The Canadian Air force sit at one end, the Adventist Development and Relief Agency (ADRA) at the other. Between the two hues of green* sit UN agencies including UNICEF and UNOCHA, and a smattering of other NGOs.
I have just arrived at the command centre for the response to Typhoon Haiyan on Panay Island. Sitting in the centre of Roxas City the Capitol Building, normally filled with government workers and other civic service staff, was the natural choice for the co-ordinated response to this disaster. It’s safe, recognised as the hub of regional leadership and big enough to hold the increasing number of responders in the area.
Humanitarian workers from across the globe sit on white chairs marked with ‘Capiz Gym’ around tables obviously dragged from offices across this big, old building. The table tops are scattered with maps, laptops, bundles of papers and large bottles of water.
The air is thick with talk – plans are being made, logistics organised and aid being delivered.
The idle chatter of many workplaces is non-existent. There is no ‘gossip around the water cooler’ –there is no water cooler, and no time for much more than a quick laugh to punctuate the haste.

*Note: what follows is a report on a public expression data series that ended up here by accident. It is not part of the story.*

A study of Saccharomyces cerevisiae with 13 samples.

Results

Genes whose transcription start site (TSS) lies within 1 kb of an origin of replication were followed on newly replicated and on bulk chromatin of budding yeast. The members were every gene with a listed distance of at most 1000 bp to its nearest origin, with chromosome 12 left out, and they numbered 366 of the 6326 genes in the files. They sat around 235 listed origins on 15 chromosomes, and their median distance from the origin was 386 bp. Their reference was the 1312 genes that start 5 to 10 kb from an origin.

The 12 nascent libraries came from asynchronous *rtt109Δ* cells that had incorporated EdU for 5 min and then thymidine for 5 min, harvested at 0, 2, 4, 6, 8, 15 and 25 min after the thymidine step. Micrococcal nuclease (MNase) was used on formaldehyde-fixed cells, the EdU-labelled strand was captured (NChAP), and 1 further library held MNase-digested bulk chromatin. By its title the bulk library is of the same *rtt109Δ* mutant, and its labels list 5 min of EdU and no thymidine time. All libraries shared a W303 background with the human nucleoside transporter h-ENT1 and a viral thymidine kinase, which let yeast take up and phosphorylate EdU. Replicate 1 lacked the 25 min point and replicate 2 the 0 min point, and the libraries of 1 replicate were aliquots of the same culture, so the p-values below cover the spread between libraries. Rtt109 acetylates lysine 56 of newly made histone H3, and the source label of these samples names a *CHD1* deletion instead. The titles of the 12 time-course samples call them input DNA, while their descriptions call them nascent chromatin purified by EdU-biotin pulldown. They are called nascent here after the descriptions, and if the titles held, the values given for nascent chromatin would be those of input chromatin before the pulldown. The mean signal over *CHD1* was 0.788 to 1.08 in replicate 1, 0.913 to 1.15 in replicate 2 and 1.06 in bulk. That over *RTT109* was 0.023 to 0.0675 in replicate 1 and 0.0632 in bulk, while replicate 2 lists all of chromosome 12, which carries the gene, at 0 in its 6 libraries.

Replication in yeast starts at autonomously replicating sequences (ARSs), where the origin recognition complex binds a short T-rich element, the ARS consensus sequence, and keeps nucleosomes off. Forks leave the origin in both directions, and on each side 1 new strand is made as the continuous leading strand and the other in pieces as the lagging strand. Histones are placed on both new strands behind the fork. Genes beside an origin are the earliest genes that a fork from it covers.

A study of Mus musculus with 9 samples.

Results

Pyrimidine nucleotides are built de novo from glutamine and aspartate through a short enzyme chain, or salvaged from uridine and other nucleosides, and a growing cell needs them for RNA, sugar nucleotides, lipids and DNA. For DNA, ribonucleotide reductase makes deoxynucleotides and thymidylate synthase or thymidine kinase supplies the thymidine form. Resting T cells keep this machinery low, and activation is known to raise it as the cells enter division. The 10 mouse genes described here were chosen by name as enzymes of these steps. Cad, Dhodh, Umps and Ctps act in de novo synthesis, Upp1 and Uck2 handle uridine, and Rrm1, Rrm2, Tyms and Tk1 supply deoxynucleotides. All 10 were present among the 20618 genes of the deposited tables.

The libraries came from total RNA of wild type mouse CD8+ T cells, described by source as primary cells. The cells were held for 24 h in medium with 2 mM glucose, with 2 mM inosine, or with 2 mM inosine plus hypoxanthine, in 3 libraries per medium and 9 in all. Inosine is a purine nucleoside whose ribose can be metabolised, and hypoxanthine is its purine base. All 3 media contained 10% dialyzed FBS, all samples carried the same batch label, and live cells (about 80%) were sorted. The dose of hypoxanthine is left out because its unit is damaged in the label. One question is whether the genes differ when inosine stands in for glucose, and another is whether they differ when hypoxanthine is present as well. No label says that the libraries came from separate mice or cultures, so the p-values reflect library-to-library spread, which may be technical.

On arrival I’m told ADRA was the only NGO to have delivered aid on Payan Island a week after the storm hit. And now the ADRA team are busy compiling their latest report – a needs assessment from an area only a few other NGOs have made contact with since Haiyan cut its deadly path across the Philippines.
This report will form the basis for ADRA’s ongoing relief efforts – ensuring those in greatest need receive what they need most in the most efficient way possible. The report will also be shared with the network of agencies here. Although the logos on shirts are different everyone is here for one purpose, and there’s no reason for secrets when lives are at stake.
ADRA’s impact is often undersold - a sense of humility is built firmly into the agency’s corporate personality. Though the team may be tucked into a corner of the large hall on the building’s third story it’s presence is well known.
The team may not be the largest, nor its geographic area of impact the greatest. But without ADRA here the team would not be complete, and lives would be lost.
The destruction wrought by Haiyan is massive to say the least, and the need it has left behind great. But a glance around the Command Centre reminds me that when people come together selflessly even greater things always occur, and I can’t help but feel proud of what ADRA is doing here.
*ADRA Philippines presence is highly visible thanks to the bright yellow shirts you see here. But the ADRA logo remains green.
- Braden Blyde has been deployed to the Philippines to manage all communications for the ADRA Network response to Typhoon Haiyan for two weeks.